It's a story every native New Yorker knows well: on the night of July 13th, 1977—the same night of the infamous 1977 Blackout—the tugboat "Maria 120" was patrolling Upper New York Bay between Battery Park and Liberty Island when an unidentified aircraft fell from the sky into the water. When two Coast Guard boats arrived to help with the recovery, they discovered that there was no trace of the aircraft—and the entire six-person crew of "Maria 120" had vanished. To this day, no one knows exactly what happened to them, though most historians agree it was an honest-to-goodness alien abduction.

Of course, none of that is true—it's the work of artist Joe Reginella, who has made a hobby of producing elaborate hoaxes like this to have fun with tourists and naive NYers. His latest creation, a memorial to the "NYC UFO Tugboat Abduction," can be spotted on certain days in Battery Park: a bronze statute of a man looking toward the sky with an alien at his feet. According to the plaque on the pedestal (see below), it was erected in 1982 by Local 333 and the "honorable Mayor Edward I. Koch" in honor of the missing tugboat crew.

(Joe Reginella)

"I love to see the reactions—most people believe them," Reginella told Gothamist. He said the difference between a good prank and a lame one is "having layers and layers of facts to back it up. When people Google the monuments when they are first unveiled and there are no articles in the way, I have a spider's web of facts for them." Because it's not just the 300-pound monument: he's also created an elaborate website, souvenirs and fliers (which advertise a $25 "Harbor Mystery Cruise" to visit the site of the crash) to sell the story. He even created a documentary to go with it:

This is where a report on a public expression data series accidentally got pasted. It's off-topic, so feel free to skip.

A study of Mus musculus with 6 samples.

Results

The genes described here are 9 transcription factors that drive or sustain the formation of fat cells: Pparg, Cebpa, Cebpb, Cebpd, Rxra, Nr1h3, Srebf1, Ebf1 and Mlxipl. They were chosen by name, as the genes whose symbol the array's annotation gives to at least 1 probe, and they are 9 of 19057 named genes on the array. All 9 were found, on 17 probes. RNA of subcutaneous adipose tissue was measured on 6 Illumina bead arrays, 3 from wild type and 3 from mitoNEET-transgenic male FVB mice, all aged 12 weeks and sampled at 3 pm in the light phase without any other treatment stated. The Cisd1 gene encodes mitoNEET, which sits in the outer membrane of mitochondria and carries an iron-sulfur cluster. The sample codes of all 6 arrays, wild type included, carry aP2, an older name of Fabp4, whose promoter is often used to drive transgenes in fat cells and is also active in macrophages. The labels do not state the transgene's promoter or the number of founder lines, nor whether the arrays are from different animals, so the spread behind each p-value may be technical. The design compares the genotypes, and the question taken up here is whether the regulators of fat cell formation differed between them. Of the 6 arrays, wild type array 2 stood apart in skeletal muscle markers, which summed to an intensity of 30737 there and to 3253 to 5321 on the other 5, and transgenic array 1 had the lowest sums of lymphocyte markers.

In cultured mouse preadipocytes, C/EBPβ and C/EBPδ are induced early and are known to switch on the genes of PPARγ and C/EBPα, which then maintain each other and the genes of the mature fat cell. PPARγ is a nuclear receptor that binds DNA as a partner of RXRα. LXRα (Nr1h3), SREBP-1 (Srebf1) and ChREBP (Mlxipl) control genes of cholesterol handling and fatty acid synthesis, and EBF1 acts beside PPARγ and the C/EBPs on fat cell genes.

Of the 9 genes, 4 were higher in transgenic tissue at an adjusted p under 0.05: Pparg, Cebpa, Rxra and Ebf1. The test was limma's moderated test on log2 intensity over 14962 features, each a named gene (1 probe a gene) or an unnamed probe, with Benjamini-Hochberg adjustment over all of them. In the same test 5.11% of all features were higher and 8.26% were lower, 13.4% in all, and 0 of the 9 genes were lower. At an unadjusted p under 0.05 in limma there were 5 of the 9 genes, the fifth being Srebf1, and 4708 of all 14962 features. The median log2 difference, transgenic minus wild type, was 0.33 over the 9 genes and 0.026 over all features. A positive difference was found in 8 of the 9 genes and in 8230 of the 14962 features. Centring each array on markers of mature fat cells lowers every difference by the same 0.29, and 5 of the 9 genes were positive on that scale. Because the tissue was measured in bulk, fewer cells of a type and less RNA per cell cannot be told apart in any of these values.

Reginella has been bringing the monument to Battery Park every weekend morning since September (despite its weight, it comes apart easily and fits on a hand truck). He said it takes him nearly nine months to put one of these projects together. "I start in late January and unveil in September, and there are many facets to the project," he told us. "I have four to six talented people working on the multimedia aspect of the project that I direct as I'm making the sculpture."

For his day job, Reginella is a sculptor who creates props and statues for movies, TV shoots, department stores and amusement parks. But it seems what he really enjoys is creating these memorials to disasters that never happened, and as the Times wrote, "eavesdropping on viewers’ conversations, often while pretending to fish nearby. He frequently poses with tourists, imitating the sailor’s stance. At times, he offers offhand remarks that support the absurd narrative."

(Joe Reginella)

Reginella told us that when he's brainstorming for one of these projects, he starts by picking memorable news days: "I pick a date where something could happen and be overshadowed by the disaster or event of a date," he said. "I love the 1970's so I picked the Blackout of the summer of 1977, then my story grew from that and was made to fit into the setting of Battery Park."

In 2016, he unveiled a monument to the Staten Island Ferry Disaster Memorial Museum, which honored the 400 victims who died when a giant octopus attacked the Cornelius G. Kolff, a Staten Island Ferry boat, on Nov. 22nd, 1963. You may not have heard about it because the event was overshadowed by the assassination of JFK that same day.

And last year, he followed that up with a monument in Brooklyn Bridge Park that memorialized a Brooklyn Bridge elephant stampede (which happened the same day as Black Friday).

As for whether he will do any more of these in the future, Reginella said he'd like to, but it is quite expensive putting them together. "Maybe, ya know these things are super expensive to do and are paid for with T-shirt sales," he said. "So visit the gift shop before you leave please."